Dear Washington Post,
Including “DC Comics: the New 52” in your list of “Top 10 Graphic Novels and Comics of 2012” makes you look stupid and/or disingenuous. It seems like you said to yourself, “Ooh, the fanboys are going to complain about all these highbrow, literary, and even journalistic books we’ve selected. Let’s be sure to throw them a bone, too.”
Which is actually fine. I understand the need to be able to say you have Covered the Field Adequately — and it’s a sure thing that action/adventure stories, and specifically superhero action/adventure stories, are an important part of the commercial comics scene.
There are choices you could have made that would have looked less lazy, that would have demonstrated a far greater understanding of the field and a stronger editorial viewpoint. As it is, it looks like you very carefully and diligently selected most of these books, then Googled to find out what the most-hyped thing that happened to happen in commercial comics was in 2012, and wrote that down.
There are plenty of superhero and/or genre adventure comics you could have picked that are good. It’s not that. It’s that you selected a marketing gimmick rather than a work of art. If you’re really committed to this New 52 thing, you could have narrowed in one one particular New 52 item that you thought was particularly good. I’ve heard the relaunch of Batman by Scott Snyder is brilliant, for example. But you didn’t do any of that.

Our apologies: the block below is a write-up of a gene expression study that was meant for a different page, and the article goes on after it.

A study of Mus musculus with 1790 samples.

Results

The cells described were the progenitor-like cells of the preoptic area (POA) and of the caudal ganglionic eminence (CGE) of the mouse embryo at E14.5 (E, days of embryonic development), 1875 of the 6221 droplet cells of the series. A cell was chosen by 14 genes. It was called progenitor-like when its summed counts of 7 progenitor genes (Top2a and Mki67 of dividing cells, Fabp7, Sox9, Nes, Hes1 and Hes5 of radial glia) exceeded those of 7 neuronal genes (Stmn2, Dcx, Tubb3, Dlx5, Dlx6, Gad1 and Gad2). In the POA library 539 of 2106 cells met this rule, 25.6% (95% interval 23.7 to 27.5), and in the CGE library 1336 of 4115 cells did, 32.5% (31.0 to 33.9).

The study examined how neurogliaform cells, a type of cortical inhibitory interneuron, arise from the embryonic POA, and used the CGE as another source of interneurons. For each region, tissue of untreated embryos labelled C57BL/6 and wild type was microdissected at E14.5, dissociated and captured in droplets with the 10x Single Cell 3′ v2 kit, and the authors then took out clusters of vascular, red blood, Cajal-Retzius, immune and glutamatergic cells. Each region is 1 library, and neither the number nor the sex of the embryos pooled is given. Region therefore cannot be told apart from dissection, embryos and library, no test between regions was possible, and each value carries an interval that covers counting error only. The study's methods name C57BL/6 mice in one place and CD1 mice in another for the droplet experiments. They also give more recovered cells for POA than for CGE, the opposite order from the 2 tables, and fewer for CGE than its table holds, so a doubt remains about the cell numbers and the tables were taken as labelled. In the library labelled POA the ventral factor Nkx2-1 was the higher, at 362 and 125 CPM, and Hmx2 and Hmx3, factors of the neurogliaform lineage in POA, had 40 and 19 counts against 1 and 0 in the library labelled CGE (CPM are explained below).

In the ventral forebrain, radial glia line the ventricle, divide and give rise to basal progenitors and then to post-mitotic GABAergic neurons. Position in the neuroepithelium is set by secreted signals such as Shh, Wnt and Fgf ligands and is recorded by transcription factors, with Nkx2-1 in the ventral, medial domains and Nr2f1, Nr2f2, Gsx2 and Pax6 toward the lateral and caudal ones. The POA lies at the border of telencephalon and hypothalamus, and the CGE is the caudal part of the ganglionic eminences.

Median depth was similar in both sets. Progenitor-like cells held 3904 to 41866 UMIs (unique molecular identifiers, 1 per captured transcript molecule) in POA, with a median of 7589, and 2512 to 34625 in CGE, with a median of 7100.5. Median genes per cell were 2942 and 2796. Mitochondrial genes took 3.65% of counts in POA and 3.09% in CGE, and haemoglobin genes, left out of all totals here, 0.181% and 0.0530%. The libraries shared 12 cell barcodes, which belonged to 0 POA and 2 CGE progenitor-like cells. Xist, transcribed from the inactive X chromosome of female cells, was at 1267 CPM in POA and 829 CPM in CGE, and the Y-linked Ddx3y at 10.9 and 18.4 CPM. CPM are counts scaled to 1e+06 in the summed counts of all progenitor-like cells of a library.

“The New 52” is not a graphic novel. It is not even a comic. Choosing it is like saying that “The New Deal” was your favorite President, or “Season 2” was your favorite comedian on Saturday Night Live. There’s no sense to be made of it.
Most of the other 9 items are interesting, and some of them I hadn’t heard of before now. The “Pearls Before Swine” collection, though it’s probably good, also looks like an example of tokenism (“D’oh! We’ve got to include at least one newspaper strip to make it seem like we understand the whole field!”) But at least it is a discrete item of artistic effort, and a critically acclaimed one at that — and not a corporate marketing gimmick.